Here are five fiction books to check out this month. I’ll try to add some non-fiction and different genres (maybe even some male writers) in future months.
Mr. Splitfoot – Samantha Hunt (1/5)
Two timelines that deal with ghosts, secrets, and hidden treasure. Years ago, Ruth survives a horrendous foster home where she meets Nat. They become best friends, and eventually they hustle people by claiming to be mediums who can talk to dead loved ones. Eventually, Ruth shows back up and locates her long-lost niece Cora. She’s mute now, but convinces her adult niece to walk across upstate New York on a life-altering course where fact and fiction blends and the ghosts of haunted past come crashing back to reality. (My review. Plus an interview with her that I conducted.)
American Housewife: stories – Helen Ellis (1/12)
Satirical short stories about what it’s like to be a woman in America. The 12 short stories offer humorous insight from anywhere ranging from pre-WWII Manhattan to reality television. There is a bite to the writing that can be overly sarcastic, but the writer gets her point across. Whether it be about a beauty pageant getaway or an epistolary story that reveals the deepest of secrets.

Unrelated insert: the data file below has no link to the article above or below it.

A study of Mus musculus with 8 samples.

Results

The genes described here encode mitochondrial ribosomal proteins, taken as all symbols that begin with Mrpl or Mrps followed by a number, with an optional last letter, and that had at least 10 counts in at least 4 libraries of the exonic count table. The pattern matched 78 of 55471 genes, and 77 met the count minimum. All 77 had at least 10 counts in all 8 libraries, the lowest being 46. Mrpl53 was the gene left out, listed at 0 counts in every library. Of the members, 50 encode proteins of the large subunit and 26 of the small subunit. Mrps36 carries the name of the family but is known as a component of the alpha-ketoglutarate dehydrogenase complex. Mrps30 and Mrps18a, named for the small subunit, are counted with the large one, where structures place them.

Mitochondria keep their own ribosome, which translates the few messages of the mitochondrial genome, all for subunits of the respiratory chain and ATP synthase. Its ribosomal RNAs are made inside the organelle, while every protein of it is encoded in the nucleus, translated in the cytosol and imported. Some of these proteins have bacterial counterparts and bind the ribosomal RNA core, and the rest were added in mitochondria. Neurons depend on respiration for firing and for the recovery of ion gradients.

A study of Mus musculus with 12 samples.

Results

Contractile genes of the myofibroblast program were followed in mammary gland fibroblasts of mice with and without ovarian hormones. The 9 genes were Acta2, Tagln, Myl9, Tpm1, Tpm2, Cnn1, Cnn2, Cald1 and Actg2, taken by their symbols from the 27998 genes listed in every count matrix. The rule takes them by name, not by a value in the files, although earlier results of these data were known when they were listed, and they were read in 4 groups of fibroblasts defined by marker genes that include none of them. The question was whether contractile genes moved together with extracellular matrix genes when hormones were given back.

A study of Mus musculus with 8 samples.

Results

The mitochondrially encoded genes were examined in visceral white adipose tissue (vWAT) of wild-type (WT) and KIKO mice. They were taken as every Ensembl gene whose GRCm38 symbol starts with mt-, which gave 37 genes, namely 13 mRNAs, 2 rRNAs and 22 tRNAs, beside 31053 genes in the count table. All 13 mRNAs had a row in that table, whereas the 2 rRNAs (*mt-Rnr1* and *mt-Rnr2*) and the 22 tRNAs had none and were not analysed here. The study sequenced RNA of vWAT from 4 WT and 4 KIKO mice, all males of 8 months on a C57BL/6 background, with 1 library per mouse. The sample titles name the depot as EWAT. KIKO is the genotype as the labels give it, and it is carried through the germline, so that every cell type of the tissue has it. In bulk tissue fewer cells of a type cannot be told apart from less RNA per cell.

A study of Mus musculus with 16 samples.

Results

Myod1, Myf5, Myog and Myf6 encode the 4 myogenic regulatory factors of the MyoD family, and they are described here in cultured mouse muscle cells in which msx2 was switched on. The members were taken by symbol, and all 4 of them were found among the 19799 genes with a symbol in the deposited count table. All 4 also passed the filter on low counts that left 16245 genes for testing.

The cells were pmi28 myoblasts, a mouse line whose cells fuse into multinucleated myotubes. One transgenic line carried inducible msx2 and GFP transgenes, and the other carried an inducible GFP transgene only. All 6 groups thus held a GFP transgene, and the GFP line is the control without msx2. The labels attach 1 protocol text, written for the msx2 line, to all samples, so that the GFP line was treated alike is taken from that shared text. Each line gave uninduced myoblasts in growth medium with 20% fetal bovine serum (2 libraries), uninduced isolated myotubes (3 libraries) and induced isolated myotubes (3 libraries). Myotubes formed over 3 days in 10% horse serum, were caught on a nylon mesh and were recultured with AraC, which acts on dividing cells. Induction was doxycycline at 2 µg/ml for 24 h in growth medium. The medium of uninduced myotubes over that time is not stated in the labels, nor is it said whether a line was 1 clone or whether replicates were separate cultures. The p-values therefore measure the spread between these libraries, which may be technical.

My Name is Lucy Barton – Elizabeth Strout (1/12)
The titular character is staying in the hospital after a surgery. The main narrative focuses on the time when her distant mother arrives to check on her. As the visits continue, the complicated history of Lucy’s life come into focus. We find out a lot in this short novel. Pulitzer Prize-winning Strout has proven she knows how to develop realistic and extraordinary characters, and continues to do so with this release.
The Portable Veblen – Elizabeth McKenzie (1/19)
Cultures clash in this story about a couple whose engagement might not last long enough to make it to the wedding day. Veblen is the daughter of overbearing parents and her life is anything but well planned out. She’s vastly adrift compared to her fiance. Paul, a rising neurologist, shouldn’t be successful if you look at his lineage. His parents were hippies and weren’t the best of parents. Now the two must navigate who they are and what love they want in the world.
Girl Through Glass – Sari Wilson (1/26)
A coming of age story set against the competitive and intense world of ballet dancing. An extraordinarily gifted 11-year-old dancer who becomes entangled with an enigmatic mentor. She works hard and obtains great skill at a cost she may not be willing to pay. Interspersed throughout the debut novel is a modern narrative of an adult dance instructor, whose life mirrors the past in more ways than one. (My review. Plus an interview with her that I conducted.)